By Alex Distefano
By Scott Snowden
By Anna Merlan
By Steve Almond
By Jena Ardell
By Jon Campbell
By Alan Scherstuhl
By Tessa Stuart
Harding was in Las Vegas that day, the expense records show, attending a computer conference. The records show Harding and Cusack ran their largest tab ever on that trip, almost $17,000 for airfare, two hotels, restaurantsand a $936 helicopter ride.
Sawyers acknowledges that his decision to seek out the Voiceearlier this year came after hearing from Harding that a reporter was seeking his recordsand after Harding badly hurt his feelings last summer. A cancer care group in Indianapolis gave Sawyers, who suffers from leukemia, a free trip to New York, a place he said he always wanted to visit. When he shared the good news with Harding, however, his friend became irate, insisting that he not come.
Harding has since accused Sawyers of "stalking" him and warned him in an e-mail that if he talked to the reporter about him it would be considered "extortion." Sawyers denies that he's ever demanded anything of Harding or threatened to pursue him.
Neither does Sawyers appear to be motivated by publicity. He initially maintained that he did not want to be named in this article and only agreed after the Voicewent to Indianapolis to interview him and confirm his identity.
As an administrator at HDC, Harding got mixed grades. He was credited with updating the agency's obsolete computer systems. In a move that he said was designed to improve morale and productivity, he relocated the agency in plush offices on Williams Street, spending millions in the process. He bought expensive Aeron chairs for every worker and spent thousands more installing a shower in the president's office. He also held corporate picnics, spending $15,000 for an outing held last August, and extravagant Christmas parties costing tens of thousands more.
But he showed little patience with his employees, firing at least 14 during his term in office and making other workers so nervous that some began taking home records that documented his spending sprees. "The man was a tyrant," said one longtime staffer.
One executive, Mina McEvoy, 63, was fired from her post as vice president for marketing after running afoul of Harding in 2000. In response to an age discrimination complaint filed by McEvoy, Harding listed McEvoy's shortcomings as failing to get the agency's more than 700 holiday greeting cards out on time and omitting a photograph from the agency's annual report. McEvoy denies those charges, but both parties agree on one thing: The annual report was pulped and destroyed, at a cost of more than $25,000.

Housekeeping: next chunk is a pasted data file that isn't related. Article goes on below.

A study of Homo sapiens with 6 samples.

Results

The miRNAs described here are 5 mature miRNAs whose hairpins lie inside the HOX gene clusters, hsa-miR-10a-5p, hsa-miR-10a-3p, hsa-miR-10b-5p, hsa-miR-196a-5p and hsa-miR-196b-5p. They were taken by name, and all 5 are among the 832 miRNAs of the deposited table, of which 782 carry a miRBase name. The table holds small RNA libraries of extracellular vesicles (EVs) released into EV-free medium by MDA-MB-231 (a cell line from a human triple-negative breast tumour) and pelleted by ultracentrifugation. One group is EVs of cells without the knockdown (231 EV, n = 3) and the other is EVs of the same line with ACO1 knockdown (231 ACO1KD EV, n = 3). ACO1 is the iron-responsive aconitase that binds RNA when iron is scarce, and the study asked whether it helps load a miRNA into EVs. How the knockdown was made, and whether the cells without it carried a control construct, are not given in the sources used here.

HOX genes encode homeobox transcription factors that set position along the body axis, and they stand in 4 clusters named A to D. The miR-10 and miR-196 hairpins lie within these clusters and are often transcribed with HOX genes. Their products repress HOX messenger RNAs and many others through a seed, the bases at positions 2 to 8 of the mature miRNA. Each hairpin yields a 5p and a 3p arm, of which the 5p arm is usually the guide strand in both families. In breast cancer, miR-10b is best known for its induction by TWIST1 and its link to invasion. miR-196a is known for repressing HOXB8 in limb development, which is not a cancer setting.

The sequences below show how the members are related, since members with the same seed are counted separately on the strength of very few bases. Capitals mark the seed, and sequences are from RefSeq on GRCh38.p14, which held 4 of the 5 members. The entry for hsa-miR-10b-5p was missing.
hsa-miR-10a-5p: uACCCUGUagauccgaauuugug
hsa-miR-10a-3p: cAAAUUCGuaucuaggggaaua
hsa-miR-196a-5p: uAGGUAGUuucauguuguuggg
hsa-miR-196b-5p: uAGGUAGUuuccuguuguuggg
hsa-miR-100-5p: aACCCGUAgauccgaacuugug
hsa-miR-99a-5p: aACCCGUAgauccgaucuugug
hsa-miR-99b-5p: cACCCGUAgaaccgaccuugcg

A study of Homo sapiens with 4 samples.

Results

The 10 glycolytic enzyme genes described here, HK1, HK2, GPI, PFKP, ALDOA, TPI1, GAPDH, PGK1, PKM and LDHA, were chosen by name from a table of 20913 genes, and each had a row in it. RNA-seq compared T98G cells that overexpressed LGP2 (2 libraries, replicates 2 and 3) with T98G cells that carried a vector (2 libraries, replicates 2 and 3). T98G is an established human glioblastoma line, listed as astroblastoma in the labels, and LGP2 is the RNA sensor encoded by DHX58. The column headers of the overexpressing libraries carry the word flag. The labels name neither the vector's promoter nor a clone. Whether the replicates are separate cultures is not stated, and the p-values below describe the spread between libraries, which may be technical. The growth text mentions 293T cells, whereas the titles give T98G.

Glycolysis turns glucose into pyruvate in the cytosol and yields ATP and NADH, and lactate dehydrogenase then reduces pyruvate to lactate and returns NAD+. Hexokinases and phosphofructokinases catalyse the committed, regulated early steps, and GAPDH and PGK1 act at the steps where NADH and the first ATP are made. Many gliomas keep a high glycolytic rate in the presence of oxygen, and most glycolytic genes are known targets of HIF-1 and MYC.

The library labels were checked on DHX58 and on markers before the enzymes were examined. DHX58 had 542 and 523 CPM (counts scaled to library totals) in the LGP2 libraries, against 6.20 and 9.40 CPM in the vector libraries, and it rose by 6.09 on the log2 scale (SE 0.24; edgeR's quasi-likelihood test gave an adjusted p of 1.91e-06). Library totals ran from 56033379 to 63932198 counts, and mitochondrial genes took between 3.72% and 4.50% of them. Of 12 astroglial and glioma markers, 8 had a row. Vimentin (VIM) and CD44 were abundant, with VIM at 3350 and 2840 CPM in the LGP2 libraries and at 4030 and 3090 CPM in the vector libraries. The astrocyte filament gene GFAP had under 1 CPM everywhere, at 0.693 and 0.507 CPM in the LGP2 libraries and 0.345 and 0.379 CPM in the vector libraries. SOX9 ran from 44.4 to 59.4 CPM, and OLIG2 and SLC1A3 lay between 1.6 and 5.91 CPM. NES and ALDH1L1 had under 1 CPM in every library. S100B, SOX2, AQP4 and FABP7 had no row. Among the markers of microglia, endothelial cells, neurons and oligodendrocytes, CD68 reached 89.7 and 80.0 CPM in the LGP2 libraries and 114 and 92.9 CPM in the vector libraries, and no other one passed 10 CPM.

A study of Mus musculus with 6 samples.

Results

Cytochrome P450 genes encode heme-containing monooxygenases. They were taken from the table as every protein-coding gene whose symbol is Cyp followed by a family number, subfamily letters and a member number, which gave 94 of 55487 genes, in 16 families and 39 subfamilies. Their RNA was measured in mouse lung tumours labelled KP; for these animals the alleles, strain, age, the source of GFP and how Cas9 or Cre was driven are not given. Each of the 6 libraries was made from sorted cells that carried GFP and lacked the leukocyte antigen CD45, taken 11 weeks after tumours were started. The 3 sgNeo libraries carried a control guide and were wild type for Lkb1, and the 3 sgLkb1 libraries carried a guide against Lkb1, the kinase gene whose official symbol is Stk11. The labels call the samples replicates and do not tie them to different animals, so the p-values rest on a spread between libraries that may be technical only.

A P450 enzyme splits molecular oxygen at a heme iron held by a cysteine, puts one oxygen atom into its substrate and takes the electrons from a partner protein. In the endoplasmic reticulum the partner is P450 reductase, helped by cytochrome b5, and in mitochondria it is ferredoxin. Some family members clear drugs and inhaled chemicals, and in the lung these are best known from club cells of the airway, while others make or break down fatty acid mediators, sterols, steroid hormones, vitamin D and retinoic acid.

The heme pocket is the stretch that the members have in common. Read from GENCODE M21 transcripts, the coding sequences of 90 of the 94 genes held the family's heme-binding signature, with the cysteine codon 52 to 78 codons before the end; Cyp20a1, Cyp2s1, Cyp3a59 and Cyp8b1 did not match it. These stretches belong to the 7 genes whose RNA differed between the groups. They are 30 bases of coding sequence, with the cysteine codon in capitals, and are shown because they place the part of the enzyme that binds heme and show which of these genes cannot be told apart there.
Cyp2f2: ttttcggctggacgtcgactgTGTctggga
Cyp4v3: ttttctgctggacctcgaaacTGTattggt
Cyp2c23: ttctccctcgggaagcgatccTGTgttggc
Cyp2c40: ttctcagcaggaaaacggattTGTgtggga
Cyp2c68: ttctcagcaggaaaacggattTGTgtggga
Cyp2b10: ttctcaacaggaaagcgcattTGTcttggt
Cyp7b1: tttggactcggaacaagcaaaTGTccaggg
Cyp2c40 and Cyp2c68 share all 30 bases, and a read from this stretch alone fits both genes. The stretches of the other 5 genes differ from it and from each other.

Harding knew he was unpopular, according to his online chats with Sawyers. "I found out last week that my whole staff hates me," he typed on October 3, 2000. "It was very upsetting . . . not so much because they hate me but because i actually thought i was very well liked. And bear in mind i have a staff of 110."
At least a year before he resigned, Harding told friends he knew he'd be out of a job once a new mayor was in City Hall. His February 1 departure date was set weeks ahead of time, and Cusack had the agency shell out $665 for a farewell party. But Harding had already made sure he would be going out in style.
Records show he had HDC pre-pay one-year subscriptions to The New York Times, the Daily News, the New York Post, Newsday, The Wall Street Journal, U.S. News and World Report, and Vanity Fair, at a cost of more than $2500, to be delivered to his home. He also had the agency pay more than $1000 for a year's service for his handheld computer. On Christmas Eve, he went on an $860 shopping spree at Borders. He used his corporate Diners Club card to buy what appear to be either last-minute presents or a stack of reading material for a long vacation. He purchased a book on old cars, two biographies of Ronald Reagan, Caspar Weinberger's memoirs, and new thrillers by Ken Follett and John Grisham, as well as three $200 gift cards. He also picked up maps and guides to Bali. On his next-to-last day in office, January 31, Harding spent $264 at Staples on office supplies and billed the agency.
His planned trip to Southeast Asia didn't come to light until after the Voicefiled its new requests for all travel and expense records. On March 14, HDC president Brass canceled the tickets. It was too late, however, to avoid one more Harding expense: a cancellation penalty of $500.
In his only comment, Harding's attorney said that the agency has been reimbursed for the cancellation penalty, as well as the Borders shopping spree.